Kentucky’s four new McDonald’s All-Americans have arrived on campus as Devin Booker, Trey Lyles, Karl-Anthony Towns, Tyler Ulis all took to social media to announce their arrivals in Lexington, according to Steve Jones of the Courier-Journal.
All four class of 2014 freshmen will begin classes and workouts with the team this summer and it means head coach John Calipari can get his new pieces acclimated a little more quickly for next season’s potential championship run.
As Jones notes in the story, the Harrison twins and James Young didn’t arrive until August of last summer and it might have affected their timing and development slightly in the beginning of the season.
Now, Calipari can get Ulis and Booker adjusted to running with the second team and being valuable backups in the backcourt this season while Lyles and Towns can work with the talented group of Kentucky big men that will be without Willie Cauley-Stein this summer as he recovers from offseason surgery on his ankle.
The freshmen will also get more time with the team before Kentucky’s international exhibition trip in August, which looks like it will be in the Bahamas. The trip will give the freshmen minutes in exhibition games this summer and also allows for additional practice time leading up to the trip.
The narrative won’t be the same surrounding this year’s Kentucky freshmen and all four members of the 2014 class showing up on campus early points to how low key this group of players is off-the-floor compared to the 2013 class.
While the 2013 class was littered with dominant, type-A personalities and ball-dominant players who were always involved in the one-and-done talk, this 2014 group of freshmen shouldn’t have nearly as much hype or difficulty sharing the ball.
The 6-foot-3 guard averaged 10.3 points per game, while shooting 42 percent from three, as a freshman. He, along with Malcolm Hill and Michael Thorne Jr., is one of three returning players who averaged double figures last season.
This could prove to be a make-or-break year for John Groce, who enters his fifth season at the helm. He guided the Illini to an NCAA Tournament in his first season, but hasn’t been back since.
The key for the Illini is health. Abrams gives them experience and leadership, but it won’t be a surprise if there’s some rust in his game after spending the past two seasons on the sideline. Having a healthy Coleman-Lands will help stabilize the backcourt, while Hill, an all-conference caliber forward, and Thorne anchor the frontcourt.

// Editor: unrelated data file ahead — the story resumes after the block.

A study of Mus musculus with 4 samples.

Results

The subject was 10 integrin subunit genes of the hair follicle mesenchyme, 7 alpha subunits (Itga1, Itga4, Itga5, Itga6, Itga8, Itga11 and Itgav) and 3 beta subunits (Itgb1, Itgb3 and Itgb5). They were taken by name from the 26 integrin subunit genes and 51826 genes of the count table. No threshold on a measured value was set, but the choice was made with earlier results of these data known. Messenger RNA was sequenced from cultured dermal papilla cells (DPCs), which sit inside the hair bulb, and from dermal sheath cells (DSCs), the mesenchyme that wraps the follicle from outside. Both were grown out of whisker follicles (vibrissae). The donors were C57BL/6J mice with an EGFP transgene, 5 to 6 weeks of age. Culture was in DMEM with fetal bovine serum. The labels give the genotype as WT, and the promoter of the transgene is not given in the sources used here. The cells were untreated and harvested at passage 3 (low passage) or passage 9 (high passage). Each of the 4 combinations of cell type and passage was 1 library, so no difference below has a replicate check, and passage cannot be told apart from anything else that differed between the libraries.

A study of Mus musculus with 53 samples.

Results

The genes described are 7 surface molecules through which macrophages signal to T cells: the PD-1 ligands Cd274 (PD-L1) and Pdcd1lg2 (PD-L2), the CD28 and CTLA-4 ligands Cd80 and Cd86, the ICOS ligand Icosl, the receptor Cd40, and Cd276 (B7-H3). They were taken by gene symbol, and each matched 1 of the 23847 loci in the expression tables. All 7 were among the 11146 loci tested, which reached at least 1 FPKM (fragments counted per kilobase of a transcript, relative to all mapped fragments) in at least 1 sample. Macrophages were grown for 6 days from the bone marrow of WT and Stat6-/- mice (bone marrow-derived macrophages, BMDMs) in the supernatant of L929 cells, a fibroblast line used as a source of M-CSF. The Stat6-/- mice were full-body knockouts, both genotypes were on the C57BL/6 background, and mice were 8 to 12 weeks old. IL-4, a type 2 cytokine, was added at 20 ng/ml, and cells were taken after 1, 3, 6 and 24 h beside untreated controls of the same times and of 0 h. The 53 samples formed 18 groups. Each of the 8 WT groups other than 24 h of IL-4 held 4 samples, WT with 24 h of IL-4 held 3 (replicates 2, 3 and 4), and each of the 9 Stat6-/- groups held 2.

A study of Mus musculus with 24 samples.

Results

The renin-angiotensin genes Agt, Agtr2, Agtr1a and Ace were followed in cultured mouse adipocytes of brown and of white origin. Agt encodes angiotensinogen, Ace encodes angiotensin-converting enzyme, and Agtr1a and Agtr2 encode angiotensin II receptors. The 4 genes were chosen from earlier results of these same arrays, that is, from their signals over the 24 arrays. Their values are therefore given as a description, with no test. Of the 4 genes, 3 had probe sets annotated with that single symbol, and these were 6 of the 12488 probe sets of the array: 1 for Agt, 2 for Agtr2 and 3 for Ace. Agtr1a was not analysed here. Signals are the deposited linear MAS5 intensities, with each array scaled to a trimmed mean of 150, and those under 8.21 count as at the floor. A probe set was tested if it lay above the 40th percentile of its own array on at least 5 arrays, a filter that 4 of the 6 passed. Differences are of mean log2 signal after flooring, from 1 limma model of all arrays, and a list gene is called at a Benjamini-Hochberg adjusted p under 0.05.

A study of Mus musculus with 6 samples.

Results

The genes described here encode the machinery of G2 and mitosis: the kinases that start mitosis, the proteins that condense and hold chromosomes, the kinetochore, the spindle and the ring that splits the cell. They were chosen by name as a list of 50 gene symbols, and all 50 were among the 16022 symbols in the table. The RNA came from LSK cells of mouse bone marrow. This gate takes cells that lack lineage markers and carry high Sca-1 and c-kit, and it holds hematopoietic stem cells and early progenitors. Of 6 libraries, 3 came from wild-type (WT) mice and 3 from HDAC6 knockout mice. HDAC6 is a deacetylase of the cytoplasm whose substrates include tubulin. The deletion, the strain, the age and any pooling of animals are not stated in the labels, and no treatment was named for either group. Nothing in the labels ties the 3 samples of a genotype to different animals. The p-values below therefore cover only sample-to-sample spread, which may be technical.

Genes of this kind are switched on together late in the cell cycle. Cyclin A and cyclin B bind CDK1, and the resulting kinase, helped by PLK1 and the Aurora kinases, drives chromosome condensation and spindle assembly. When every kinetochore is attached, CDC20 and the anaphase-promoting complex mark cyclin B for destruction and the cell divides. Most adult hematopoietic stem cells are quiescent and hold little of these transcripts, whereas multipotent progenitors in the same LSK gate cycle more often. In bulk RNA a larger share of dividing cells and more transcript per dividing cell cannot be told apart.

Like Alkins, Jones was a sought-after scorer. The 6-foot-4 two-guard was rated No. 69 overall in the Class of 2016 by Rivals. He picked Indiana over offers from Cal, Cincinnati, Georgetown and more than a dozen other high-major programs.
Jeter, the 6-foot-10, played in a reserve role as a freshman, averaging 1.9 points and 1.9 rebounds per game last season. He will be part of a loaded frontline that includes heralded freshmen Harry Giles and Marques Bolden, as well as redshirt senior Amile Jefferson, who returns to the lineup following a foot injury.
The greatest player in Auburn program history will honored with a statue outside of the team’s home arena.
The university announced that Charles Barkley, the Naismith Memorial Basketball Hall of Famer, will be the fourth athlete to be given a statue, joining Heisman Trophy winners Bo Jackson, Pat Sullivan and Cam Newton.
“It just means a great deal to me,” Barkley said in a statement. “Being a kid from Alabama, going to Auburn. I think everybody knows what Auburn means to me. It’s going to be pretty cool.”
Barkley, currently working as an analyst for TNT, was the SEC Player of the Year in 1984, as well as a second team All-American. He averaged 14.1 points and 9.6 rebounds per game in 84 appearances for the Tigers.